Page last updated/reviewed 9/27/2023.
There are a number of ways you can test to see if you have COVID-19. Contact your healthcare provider, visit your local drug store, or find a testing site in your community. If you do not have a healthcare provider and would like to get connected to one, call 2-1-1. If you have serious symptoms, like difficulty breathing, call 9-1-1.
See below, or click the following links, for more information:
Key times to get tested:
- If you have symptoms, test immediately.
- If you were exposed to COVID-19 and do not have symptoms, wait at least 5 full days after your exposure before testing. If you test too early, you may be more likely to get an inaccurate result.
- If you are in certain high-risk settings, you may need to test as part of a screening testing program.
- Considering testing before contact with someone at high risk for severe COVID-19, especially if you are in an area with medium or high COVID-19 Community Level.
The federal government is offering free test kits again because COVID-19 cases are back on the rise. Every U.S. household may place an order to receive four free COVID-19 rapid tests delivered directly to your home. Before you throw out "expired" tests: Check to see if your COVID-19 tests' expiration dates have been extended.
- To place an order for free at-home tests, visit: COVIDTests.gov.
help placing an order for your at-home tests?
Call 1-800-232-0233 (TTY 1-888-720-7489).
The U.S. government will continue to make COVID-19 tests available to uninsured individuals and underserved communities through existing outreach programs. Please contact a HRSA health center, Test to Treat site, or ICATT location near you to learn how to access low- or no-cost COVID-19 tests provided by the federal government.
Self-test kits, sometimes also called “home tests,” “at-home tests,” or “over-the-counter (OTC) tests,” for COVID-19 detect current infection. For more information see Self-Testing At Home or Anywhere (CDC).
- They give results in a few minutes and can be taken anywhere.
- Self-tests can be purchased in stores, pharmacies, and online.
- Visit the Food and Drug Administration’s (FDA) website for a list of authorized tests.
When to Self-Test
- If you have symptoms, test immediately.
- If you were exposed to COVID-19, wait at least 5 full days after your exposure before testing. If you test negative, consider testing again 1 to 2 days after your first test.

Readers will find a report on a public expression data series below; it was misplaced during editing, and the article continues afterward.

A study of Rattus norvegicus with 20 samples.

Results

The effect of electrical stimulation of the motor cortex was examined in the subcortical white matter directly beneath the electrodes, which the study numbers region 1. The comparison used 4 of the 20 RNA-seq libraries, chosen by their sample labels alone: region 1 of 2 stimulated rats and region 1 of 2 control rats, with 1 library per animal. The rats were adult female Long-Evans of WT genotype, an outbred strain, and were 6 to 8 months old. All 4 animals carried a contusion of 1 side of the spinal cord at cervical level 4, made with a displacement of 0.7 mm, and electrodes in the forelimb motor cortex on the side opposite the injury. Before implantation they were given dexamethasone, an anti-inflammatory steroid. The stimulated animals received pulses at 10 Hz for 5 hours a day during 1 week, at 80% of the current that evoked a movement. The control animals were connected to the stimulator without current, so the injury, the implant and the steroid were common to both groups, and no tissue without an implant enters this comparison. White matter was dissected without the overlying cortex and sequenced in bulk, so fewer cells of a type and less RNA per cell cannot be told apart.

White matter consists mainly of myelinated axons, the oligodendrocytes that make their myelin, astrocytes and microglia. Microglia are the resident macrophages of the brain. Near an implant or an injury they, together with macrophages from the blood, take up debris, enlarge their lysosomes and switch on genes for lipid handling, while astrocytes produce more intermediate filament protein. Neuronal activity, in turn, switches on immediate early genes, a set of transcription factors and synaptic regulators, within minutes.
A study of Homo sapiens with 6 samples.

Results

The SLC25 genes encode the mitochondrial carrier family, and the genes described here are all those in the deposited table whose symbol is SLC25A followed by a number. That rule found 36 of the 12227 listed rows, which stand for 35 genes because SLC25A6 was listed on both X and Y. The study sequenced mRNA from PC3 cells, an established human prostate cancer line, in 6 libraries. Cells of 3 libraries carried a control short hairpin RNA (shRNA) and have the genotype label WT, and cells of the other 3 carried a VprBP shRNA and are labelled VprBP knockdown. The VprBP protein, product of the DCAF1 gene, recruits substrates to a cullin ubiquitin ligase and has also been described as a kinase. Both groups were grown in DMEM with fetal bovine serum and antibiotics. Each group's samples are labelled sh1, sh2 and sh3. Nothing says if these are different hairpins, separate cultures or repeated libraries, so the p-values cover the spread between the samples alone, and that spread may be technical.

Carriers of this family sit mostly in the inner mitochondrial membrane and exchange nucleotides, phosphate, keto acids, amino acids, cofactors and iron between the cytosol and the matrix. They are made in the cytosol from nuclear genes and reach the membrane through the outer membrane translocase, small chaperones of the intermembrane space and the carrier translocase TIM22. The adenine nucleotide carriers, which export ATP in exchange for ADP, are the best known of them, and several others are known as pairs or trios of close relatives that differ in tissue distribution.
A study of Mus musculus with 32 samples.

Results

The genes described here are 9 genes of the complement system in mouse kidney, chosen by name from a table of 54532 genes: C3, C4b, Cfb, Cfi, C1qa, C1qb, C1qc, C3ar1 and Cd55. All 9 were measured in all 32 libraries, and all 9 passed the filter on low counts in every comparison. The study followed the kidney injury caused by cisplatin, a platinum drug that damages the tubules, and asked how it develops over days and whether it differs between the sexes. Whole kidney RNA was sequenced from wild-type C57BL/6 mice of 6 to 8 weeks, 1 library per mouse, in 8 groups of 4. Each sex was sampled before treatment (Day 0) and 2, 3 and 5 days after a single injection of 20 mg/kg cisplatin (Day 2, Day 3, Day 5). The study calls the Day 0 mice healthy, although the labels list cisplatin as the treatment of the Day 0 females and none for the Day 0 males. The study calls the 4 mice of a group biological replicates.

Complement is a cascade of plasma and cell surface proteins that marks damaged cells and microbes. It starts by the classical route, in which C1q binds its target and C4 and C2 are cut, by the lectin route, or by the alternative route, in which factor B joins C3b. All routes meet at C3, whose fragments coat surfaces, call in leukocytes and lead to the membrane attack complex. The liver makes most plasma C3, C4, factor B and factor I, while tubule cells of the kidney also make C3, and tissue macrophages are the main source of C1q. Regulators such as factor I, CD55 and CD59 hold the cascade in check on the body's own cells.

- If you are going to an indoor event or a gathering, test immediately before the gathering, or as close to the time of the event as possible. This is especially important before gathering with individuals at risk of severe disease, older adults, those who are immunocompromised, or people who are not up to date on their COVID-19 vaccines, including children who cannot get vaccinated yet.
How To Use a Self-Test
- Follow all the instructions inside the self-test kit. If you do not follow the instructions, your test result may be incorrect.
- Using Your COVID-19 Self-Test Kit (Infographic)
- How to Use a Self-Test (Video)
To Interpret Self-Test Results (Video)
Reporting a Self-Test Result
- Reporting of a self-test result is not required. However, if you feel you need medical attention, sharing your self-test result with your healthcare provider maybe helpful.
- COVID-19 home tests can be safely and privately reported at MakeMyTestCount.org
Regardless of vaccination status, if your test result is:
- The test detected the virus, and you have an infection.
- Isolate and take precautions, including wearing a high-quality mask to protect others from getting infected.
- Tell people you had recent contact with that they may have been exposed.
- Watch for symptoms. If you have any emergency warning signs, seek emergency care immediately.
- Contact your healthcare provider, community health center, or pharmacy to learn about treatment options that may be available to you. You are more likely to get very sick if you are an older adult or have an underlying medical condition.
For more information, visit What To Do If You Have COVID-19.
- The test did not detect the virus but does not rule out an infection.
- If you have symptoms:
- You may have COVID-19, but tested before the virus was detectable, or you may have another illness.
- Take general public health precautions to prevent spreading an illness to others.
- Contact your healthcare provider if your symptoms worsen.
- If you do not have symptoms but were exposed to the virus that causes COVID-19, you should continue to take recommended steps after exposure.
- If you do not have symptoms and you have not been exposed to the virus that causes COVID-19, you may continue normal activities.